A Journal of Applied Research in Contemporary Politics
Ed. by Shafer, Byron / Disalvo, Daniel
4 Issues per year
IMPACT FACTOR increased in 2014: 0.377
SCImago Journal Rank (SJR) 2014: 0.268
Source Normalized Impact per Paper (SNIP) 2014: 0.241
Impact per Publication (IPP) 2014: 0.198
Volume 12 (2014)
Volume 11 (2013)
Volume 10 (2012)
Volume 9 (2011)
Most Downloaded Articles
- Even the Geeks are Polarized: The Dispute over the ‘Real Driver’ in American Elections by Goldstein, Ken/ Dallek, Matthew and Rivlin, Joel
- Richer Parties, Better Politics? Party-Centered Campaign Finance Laws and American Democracy by La Raja, Raymond J.
- If I Could Hold a Seminar for Political Journalists… by Fiorina, Morris P.
- Delegation, Control, and the Study of Public Bureaucracy by Moe, Terry M.
- The Catholics and the Others: The Denominational Backdrop to Modern American Politics by Shafer, Byron E. and Spady, Richard H.
Red State/Blue State Divisions in the 2012 Presidential Election
1Department of Statistics, Harvard University, 1 Oxford Street, Cambridge, MA 02138, USA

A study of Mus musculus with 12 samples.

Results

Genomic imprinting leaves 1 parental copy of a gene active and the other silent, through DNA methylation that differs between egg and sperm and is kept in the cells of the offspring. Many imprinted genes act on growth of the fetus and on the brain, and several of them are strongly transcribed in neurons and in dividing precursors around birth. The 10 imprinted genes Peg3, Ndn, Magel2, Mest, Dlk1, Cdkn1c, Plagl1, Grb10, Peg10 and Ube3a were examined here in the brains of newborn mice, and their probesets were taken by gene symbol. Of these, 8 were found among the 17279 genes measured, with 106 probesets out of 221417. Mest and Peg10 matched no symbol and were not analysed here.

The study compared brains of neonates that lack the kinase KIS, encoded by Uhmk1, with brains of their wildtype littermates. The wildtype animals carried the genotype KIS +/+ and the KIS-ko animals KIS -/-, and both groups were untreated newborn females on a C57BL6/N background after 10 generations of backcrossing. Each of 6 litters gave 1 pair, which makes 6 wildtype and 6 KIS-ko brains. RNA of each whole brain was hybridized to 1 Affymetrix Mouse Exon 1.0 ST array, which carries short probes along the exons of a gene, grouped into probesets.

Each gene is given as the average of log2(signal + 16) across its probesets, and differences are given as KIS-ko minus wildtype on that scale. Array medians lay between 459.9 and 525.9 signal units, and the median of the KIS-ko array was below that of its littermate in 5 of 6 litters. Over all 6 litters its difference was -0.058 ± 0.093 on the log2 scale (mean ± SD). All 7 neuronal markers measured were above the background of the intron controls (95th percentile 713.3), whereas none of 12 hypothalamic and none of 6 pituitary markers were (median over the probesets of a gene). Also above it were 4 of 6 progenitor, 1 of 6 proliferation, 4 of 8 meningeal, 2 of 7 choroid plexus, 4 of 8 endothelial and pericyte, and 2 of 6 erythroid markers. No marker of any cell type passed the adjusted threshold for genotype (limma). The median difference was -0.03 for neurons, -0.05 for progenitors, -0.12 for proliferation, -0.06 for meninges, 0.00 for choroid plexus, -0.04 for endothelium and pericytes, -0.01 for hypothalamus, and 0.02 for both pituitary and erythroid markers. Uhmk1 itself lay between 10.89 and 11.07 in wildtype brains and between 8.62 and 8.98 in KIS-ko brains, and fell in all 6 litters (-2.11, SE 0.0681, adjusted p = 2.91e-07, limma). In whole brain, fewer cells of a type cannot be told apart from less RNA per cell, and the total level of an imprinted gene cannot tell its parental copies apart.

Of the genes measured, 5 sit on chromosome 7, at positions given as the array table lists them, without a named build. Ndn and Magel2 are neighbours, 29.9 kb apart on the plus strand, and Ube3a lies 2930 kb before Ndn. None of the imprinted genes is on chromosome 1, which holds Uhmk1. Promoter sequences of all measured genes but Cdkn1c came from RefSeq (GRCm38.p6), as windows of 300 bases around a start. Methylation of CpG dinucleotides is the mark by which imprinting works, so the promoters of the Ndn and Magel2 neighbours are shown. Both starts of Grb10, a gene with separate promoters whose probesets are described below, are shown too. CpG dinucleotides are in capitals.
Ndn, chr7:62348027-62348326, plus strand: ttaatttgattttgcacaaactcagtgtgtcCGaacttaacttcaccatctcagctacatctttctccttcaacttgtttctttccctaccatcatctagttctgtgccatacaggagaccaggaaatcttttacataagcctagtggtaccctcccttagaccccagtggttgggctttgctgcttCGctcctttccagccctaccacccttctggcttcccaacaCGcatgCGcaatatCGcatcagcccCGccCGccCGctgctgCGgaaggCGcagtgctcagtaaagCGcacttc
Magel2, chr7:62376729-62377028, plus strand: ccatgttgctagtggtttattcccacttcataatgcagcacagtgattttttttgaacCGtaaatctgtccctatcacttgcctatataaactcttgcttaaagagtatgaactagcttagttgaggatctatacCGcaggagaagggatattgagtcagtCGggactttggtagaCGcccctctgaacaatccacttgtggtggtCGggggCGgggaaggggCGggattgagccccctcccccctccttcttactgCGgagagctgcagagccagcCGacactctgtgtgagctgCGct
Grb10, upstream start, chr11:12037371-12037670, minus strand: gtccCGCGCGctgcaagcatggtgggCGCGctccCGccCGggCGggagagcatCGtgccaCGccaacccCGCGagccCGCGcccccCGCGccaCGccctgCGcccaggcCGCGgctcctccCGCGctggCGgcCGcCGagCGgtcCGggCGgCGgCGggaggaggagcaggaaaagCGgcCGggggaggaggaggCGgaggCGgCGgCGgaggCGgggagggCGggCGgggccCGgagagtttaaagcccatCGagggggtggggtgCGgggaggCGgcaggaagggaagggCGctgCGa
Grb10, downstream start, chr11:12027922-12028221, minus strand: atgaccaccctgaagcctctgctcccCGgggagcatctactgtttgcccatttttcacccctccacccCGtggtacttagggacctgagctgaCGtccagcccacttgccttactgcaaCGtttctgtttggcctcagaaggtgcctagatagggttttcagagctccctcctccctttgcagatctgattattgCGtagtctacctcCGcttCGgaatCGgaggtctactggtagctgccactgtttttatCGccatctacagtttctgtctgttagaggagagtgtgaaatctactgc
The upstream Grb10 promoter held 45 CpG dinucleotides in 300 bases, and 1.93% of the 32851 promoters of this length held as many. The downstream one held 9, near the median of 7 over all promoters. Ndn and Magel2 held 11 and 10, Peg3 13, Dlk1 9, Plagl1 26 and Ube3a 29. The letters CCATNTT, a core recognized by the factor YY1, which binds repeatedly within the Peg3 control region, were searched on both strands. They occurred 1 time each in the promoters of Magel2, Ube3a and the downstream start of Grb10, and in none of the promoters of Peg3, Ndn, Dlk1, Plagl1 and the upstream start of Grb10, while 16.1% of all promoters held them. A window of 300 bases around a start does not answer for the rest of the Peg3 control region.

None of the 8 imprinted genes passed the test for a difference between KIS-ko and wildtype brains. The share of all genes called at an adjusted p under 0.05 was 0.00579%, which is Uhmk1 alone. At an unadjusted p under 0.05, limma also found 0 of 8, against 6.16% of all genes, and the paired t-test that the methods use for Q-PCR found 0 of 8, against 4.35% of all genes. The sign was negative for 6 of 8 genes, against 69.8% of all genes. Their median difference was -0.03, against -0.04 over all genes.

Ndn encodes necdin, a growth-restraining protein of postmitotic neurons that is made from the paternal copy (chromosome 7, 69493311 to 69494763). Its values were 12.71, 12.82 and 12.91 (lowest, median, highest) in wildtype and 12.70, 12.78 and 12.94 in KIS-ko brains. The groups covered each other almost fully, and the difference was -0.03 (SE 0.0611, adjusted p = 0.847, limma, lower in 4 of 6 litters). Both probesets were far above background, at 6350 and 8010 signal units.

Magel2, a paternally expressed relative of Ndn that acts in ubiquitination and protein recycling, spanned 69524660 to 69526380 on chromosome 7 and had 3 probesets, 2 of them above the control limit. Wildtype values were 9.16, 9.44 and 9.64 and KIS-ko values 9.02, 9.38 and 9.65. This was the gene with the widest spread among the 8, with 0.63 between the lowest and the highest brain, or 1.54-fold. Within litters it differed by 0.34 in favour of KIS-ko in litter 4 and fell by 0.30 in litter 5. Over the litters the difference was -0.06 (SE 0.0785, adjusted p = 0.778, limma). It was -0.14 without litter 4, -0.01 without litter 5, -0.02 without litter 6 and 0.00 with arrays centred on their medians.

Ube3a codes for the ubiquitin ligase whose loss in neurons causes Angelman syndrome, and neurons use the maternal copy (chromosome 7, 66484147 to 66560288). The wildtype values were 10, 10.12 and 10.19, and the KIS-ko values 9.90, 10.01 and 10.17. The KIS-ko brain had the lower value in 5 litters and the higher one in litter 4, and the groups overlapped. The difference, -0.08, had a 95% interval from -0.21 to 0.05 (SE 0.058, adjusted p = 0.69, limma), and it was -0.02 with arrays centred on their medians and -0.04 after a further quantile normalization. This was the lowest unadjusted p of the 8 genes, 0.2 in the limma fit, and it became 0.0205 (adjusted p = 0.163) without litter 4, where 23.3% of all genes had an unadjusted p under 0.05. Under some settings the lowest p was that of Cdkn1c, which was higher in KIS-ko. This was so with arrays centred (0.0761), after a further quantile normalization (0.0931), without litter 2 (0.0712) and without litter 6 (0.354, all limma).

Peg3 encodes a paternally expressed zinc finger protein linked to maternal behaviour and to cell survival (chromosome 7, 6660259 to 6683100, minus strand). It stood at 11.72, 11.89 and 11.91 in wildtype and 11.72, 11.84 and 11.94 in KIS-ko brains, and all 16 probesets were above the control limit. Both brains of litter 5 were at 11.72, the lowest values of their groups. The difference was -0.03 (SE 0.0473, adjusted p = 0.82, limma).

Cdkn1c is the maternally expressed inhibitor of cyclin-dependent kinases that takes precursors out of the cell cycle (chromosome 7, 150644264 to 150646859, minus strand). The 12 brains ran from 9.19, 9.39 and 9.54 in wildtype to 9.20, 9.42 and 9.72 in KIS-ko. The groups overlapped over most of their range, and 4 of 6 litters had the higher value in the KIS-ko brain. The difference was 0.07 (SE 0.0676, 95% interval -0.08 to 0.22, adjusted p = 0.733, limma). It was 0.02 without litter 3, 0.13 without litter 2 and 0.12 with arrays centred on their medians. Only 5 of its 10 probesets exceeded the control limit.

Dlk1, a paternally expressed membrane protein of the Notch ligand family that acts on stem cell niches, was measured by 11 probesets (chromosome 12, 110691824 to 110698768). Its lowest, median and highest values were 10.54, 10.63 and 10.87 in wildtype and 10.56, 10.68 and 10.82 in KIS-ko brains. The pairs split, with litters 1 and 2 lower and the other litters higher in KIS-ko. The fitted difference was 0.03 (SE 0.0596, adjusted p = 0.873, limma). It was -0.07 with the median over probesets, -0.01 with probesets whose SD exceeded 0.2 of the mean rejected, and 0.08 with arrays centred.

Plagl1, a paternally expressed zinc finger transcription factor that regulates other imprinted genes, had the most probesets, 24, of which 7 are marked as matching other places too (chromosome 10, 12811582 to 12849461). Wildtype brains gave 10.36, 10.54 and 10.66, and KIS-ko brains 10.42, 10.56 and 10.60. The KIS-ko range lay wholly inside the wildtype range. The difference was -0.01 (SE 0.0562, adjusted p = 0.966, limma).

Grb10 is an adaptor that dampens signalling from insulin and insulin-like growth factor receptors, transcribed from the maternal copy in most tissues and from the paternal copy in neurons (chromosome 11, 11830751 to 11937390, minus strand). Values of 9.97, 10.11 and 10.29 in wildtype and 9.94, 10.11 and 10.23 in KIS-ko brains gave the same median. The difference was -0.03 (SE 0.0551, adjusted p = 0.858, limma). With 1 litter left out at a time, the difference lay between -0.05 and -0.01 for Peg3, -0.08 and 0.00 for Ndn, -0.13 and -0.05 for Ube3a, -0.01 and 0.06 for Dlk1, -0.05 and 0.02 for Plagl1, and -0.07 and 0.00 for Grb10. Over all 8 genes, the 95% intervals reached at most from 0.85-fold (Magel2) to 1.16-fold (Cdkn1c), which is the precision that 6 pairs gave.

2Department of Statistics, Columbia University, Amsterdam Ave. at 122 St., New York, NY 10027, USA
3University of Chicago and University of California, Berkeley
Citation Information: The Forum. Volume 10, Issue 4, Pages 127–131, ISSN (Online) 1540-8884, ISSN (Print) 2194-6183, DOI: 10.1515/forum-2013-0014, February 2013
- Published Online:
The so-called “red/blue paradox” is that rich individuals are more likely to vote Republican but rich states are more likely to support the Democrats. Previous research argued that this seeming paradox could be explained by comparing rich and poor voters within each state – the difference in the Republican vote share between rich and poor voters was much larger in low-income, conservative, middle-American states like Mississippi than in high-income, liberal, coastal states like Connecticut. We use exit poll and other survey data to assess whether this was still the case for the 2012 Presidential election. Based on this preliminary analysis, we find that, while the red/blue paradox is still strong, the explanation offered by Gelman et al. no longer appears to hold. We explore several empirical patterns from this election and suggest possible avenues for resolving the questions posed by the new data.